The following took place later in Frank’s life. You’ll be happy to know that he did indeed find a new job, and a friend, and that he kept bicycling with his bicycle group and had numerous adventures with them. But these are all parts of his story I’m not ready to tell, yet. Eventually, Frank decided he wanted a new hobby.
“Okay, so you play B – good. Then E, A, D, G, C, F. Now comes the tricky part! You’re going to Repeat those – but flat this time. B flat, E flat, D, G – and then start the circle over. This is the circle of fourths.”
It didn’t make total sense. It didn’t even make partial sense. But it was a logical picture set before Frank—the musical notes, sitting in a circle, related to each other via some voodoo magic or 12-pointed mystical diagram.
There was an order to the notes, Frank was noticing however—some notes sounded good together, like a sentence formed with a pleasing structure. It rolled off the tongue, or in this case, out of Frank’s guitar as he twanged an artless melody.
“Good job, Frank,” said Mr. Hebert, Frank’s teacher. He was a broad shouldered, burly man with a cigarette dangling from one corner of his mouth, observing Frank’s playing from behind his slightly drooped, puffy eyelids.
“You’re getting it. Now, you’ll have to practice that a bunch more times. But see now—any time you’re playing in a key, you’ve got your tonic note, right?”
Frank nodded. Tonic—the home base. “Doe.” The center where songs often began and rested most easily.
“And you’ve also got your dominant and subdominant notes, right? So if you’re in the key of G major, there are a couple major chords that are gonna fit with a tonic of G, right?”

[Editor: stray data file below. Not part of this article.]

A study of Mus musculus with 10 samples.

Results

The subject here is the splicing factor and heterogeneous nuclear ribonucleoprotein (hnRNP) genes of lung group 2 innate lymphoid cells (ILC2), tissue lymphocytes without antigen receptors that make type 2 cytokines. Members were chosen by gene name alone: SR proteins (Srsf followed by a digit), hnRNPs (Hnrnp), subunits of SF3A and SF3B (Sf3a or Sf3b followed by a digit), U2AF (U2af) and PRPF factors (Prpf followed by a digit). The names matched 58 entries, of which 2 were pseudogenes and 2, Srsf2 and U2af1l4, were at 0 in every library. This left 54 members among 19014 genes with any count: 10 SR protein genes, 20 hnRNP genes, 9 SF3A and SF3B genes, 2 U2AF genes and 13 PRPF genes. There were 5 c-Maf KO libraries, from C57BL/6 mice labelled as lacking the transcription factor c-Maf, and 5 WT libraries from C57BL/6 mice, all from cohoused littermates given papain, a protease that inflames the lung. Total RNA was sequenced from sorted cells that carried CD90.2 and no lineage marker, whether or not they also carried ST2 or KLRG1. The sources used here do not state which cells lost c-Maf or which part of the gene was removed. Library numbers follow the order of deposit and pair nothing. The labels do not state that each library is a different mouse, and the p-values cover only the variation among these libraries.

“Right,” said Frank. He wasn’t sure what else to say.
“Right—so the cool thing is, with the circle of fourths I just showed you, the dominant and subdominant notes are always gonna be right next to whatever the tonic is. Okay, so what’s the order again?” Mr. Hebert twisted his colorfully beaded necklace as a hint.
“B – E – A – D,” said Frank, before being interrupted.
“That’s enough,” said Mr. Hebert. “Okay, so A—based on what you just said, what notes are on either side of it in the circle?”
“Um, well. E. And D, I guess,” said Frank.
“Exactly!” said Mr. Hebert, “The dominant and subdominant notes! His eyes glinting through the cigarette smoke. “So anytime you can’t remember, just think about your circle.”
Mr. Hebert tapped off the ash from his cigarette, took a final pull from the stub, and then smothered it in an ashtray sitting on the window sill of his screened back porch.
Frank sat patiently. He didn’t know what was next. Birds chattered in the backyard, a well-kept lawn mixed with a small garden and flowerbeds. A cardinal—one of the few birds Frank could recognize—flew by.
Mr. Hebert was gazing thoughtfully towards his backyard. “Frank,” he said, finally. “There’s something you need to understand about music. There’s a lot to it. You’ll never get to the bottom of it, but there’s one thing that I have found to be true: music is meant to be shared.”
Mr. Hebert paused. It was a theatrical affectation, perhaps, but Frank didn’t mind.
“You hear that bird?” said Mr. Hebert. “That’s a tufted titmouse. You can tell because they go ‘Peter-peter-peter.’ Well, just like they share their music, we humans have to share ours too. When we don’t, we lose interest–we become discouraged.”
“So,” said Mr. Hebert, concluding his speech, “This has been a one-time lesson. You want to come again, fine. You want to go it alone and learn through YouTube or whatever kids these days are using….that’ s fine too. Just make sure if you aren’t sharing your music with me, that you’re sharing it with someone. Find a place to play, a person to play for. That way, you’ll stick with it.”
Frank nodded. Behind the cigarette smoke and beer breath, he had heard something true, he thought.
“Now that’ll be forty bucks. And get out of here,” said Mr. Hebert with a chuckle.